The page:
Coastal property prices are outshining other property types across South Africa, Pam Golding Properties (PGP) CEO Dr Andrew Golding said.
According to PGP’s Residential Property Index, the Covid-19 induced boom in freehold residential property price inflation continues to fade when compared with sectional title. The gap has narrowed to 2.4% in April 2022, having peaked at 3.9% in March 2021.
“This would indicate that the convenience factor and appeal of lock-up-and-go sectional title properties in prime locations and hubs around the country, including those in vibrant mixed-use developments and in lifestyle estates, has re-emerged as everyday life more or less returns to normality. This has offset, to some degree, the increased demand seen during the early waves of Covid-19 for properties with more living and open space,” Golding said.
He said the index revealed that while non-coastal residential property price growth had slowed sharply to 4.8% in January 2022, which is the latest data available, price growth of coastal homes, located within 5km of the coastline, remained steady at a robust 6.8% that month. Therefore, the coastal price premium widened to more than 2% for the first time since early 2018.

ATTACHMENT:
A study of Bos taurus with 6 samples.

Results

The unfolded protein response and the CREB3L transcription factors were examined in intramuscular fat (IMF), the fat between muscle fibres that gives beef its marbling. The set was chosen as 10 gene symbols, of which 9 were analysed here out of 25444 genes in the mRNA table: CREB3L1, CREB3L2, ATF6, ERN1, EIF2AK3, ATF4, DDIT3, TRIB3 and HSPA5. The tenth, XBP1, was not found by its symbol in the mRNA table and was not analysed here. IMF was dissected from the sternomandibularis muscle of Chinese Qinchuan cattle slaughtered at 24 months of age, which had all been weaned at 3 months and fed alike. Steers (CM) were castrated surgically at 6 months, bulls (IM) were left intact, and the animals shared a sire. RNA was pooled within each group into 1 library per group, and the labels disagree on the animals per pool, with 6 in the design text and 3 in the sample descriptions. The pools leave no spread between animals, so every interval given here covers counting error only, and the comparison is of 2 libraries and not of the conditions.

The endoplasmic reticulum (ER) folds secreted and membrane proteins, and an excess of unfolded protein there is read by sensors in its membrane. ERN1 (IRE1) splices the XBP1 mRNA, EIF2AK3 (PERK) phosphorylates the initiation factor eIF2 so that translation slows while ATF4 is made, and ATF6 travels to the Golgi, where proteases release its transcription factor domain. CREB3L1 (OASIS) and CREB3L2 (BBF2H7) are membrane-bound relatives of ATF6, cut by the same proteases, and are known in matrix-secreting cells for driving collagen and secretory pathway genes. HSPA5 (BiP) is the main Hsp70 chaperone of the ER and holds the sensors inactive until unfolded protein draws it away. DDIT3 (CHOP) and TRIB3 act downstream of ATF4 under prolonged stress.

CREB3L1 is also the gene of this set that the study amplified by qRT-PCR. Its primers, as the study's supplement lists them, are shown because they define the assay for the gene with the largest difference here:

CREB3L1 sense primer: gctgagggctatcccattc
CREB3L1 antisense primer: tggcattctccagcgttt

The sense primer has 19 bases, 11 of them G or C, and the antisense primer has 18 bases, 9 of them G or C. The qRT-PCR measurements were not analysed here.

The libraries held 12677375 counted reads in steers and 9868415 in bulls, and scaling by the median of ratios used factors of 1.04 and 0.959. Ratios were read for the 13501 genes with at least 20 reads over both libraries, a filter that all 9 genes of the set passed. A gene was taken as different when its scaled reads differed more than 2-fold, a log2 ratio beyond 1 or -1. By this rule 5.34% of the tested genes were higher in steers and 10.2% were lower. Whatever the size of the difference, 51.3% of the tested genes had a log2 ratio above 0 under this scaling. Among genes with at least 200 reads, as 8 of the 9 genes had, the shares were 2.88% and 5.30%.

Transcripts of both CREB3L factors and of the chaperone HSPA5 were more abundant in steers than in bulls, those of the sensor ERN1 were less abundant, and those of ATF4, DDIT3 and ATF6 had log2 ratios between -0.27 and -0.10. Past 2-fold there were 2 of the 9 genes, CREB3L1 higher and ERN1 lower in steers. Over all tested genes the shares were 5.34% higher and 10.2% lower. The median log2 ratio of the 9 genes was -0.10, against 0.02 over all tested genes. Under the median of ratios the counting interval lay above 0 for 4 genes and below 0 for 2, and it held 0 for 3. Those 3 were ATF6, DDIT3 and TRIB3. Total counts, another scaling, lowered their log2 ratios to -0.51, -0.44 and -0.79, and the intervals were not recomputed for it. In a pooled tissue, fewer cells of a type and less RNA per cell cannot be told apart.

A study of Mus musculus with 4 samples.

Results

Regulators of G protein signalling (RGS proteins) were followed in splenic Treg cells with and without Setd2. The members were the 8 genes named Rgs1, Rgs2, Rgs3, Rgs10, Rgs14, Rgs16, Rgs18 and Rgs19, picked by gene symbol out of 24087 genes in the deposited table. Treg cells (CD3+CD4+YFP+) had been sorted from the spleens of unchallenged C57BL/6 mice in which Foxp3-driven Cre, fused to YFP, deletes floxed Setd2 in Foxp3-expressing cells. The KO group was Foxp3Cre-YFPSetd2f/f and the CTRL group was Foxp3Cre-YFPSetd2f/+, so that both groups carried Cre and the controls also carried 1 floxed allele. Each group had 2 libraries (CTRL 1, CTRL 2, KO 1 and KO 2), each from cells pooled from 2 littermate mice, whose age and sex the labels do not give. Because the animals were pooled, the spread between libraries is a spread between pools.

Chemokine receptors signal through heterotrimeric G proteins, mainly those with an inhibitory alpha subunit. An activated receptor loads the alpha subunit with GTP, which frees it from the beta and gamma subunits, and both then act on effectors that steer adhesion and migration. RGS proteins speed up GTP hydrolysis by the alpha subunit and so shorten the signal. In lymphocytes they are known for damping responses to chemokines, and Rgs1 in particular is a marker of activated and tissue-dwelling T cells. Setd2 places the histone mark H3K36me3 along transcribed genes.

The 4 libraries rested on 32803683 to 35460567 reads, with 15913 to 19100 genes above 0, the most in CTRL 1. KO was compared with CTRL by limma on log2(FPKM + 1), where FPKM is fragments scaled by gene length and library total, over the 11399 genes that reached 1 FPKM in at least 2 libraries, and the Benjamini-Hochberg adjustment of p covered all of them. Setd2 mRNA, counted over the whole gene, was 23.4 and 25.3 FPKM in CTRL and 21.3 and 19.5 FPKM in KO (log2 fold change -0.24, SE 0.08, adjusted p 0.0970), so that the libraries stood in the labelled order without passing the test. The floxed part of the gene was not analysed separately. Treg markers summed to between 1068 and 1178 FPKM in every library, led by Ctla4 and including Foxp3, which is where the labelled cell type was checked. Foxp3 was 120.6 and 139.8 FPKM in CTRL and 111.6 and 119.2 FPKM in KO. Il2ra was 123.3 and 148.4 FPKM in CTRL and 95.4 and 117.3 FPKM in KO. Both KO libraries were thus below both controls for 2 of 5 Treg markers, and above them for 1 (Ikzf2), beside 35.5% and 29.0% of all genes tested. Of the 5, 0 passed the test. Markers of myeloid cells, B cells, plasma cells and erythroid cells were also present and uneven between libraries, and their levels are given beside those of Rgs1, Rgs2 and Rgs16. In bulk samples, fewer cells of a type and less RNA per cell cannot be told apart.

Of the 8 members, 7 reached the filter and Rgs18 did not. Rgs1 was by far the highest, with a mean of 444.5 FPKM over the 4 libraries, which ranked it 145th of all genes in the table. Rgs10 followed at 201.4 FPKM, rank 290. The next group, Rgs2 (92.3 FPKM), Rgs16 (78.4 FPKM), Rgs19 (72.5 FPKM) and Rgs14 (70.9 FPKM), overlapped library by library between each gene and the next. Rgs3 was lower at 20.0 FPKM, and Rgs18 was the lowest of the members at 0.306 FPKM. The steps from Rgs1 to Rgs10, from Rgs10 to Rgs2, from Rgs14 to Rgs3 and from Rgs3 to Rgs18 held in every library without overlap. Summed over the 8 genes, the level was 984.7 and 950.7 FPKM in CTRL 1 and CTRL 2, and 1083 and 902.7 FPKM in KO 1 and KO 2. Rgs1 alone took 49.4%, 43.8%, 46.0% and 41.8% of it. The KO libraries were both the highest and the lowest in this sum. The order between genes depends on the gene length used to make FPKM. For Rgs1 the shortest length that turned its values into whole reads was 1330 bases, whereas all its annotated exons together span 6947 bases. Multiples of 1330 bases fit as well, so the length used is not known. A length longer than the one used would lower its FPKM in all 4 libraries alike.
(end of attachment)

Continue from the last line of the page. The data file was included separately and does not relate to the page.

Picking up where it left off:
More and more people are attracted to the beauty of SA’s coastline and to new opportunities in cities like Cape Town and Port Elizabeth. People are semigrating to start their own businesses and to work for offshore companies while living in gorgeous locales such as Franschoek and the Atlantic Seaboard.
“Apart from those seeking immediate or future retirement, a leisure property, or a more balanced lifestyle, including those with young families; due to its very nature coastal property has and always will enjoy a strong demand. This is particularly as many continue to be able to work from home in a preferred location,” said Dr Golding.
House price growth in all major metro housing markets has been slowing in 2022. However, Nelson Mandela Bay, one of the smallest metro housing markets remains the top performing market with a recent data revision by data specialists Lightstone, showing a renewed acceleration in house price inflation of 7.6% in January.
Among the major metro housing markets, Ekurhuleni has come top with growth of 6.3% in January, while Tshwane saw house price growth of 5.1%. These two Gauteng metro housing markets were followed by Cape Town at 4.6%, eThekwini at 4.3% and Johannesburg at 2.6%.
Dr Golding said house prices in the Northern Cape continued to soar, reaching 9.2% in January, while growth in house prices in the Eastern Cape inched higher, rising by 6.45% in the same month.
“From a national perspective, where data is available to April 2022, the slowdown in house price inflation continues,” he said.
It eased from a mid-2021 peak of 5.9% to 4.8% in April 2022. After averaging 5.7% last year, house price inflation has averaged 4.95% in the year to date. The Western Cape recorded the strongest growth rate of 6.3% in April this year, followed by KwaZulu-Natal at 5.2% and Gauteng 4.2%.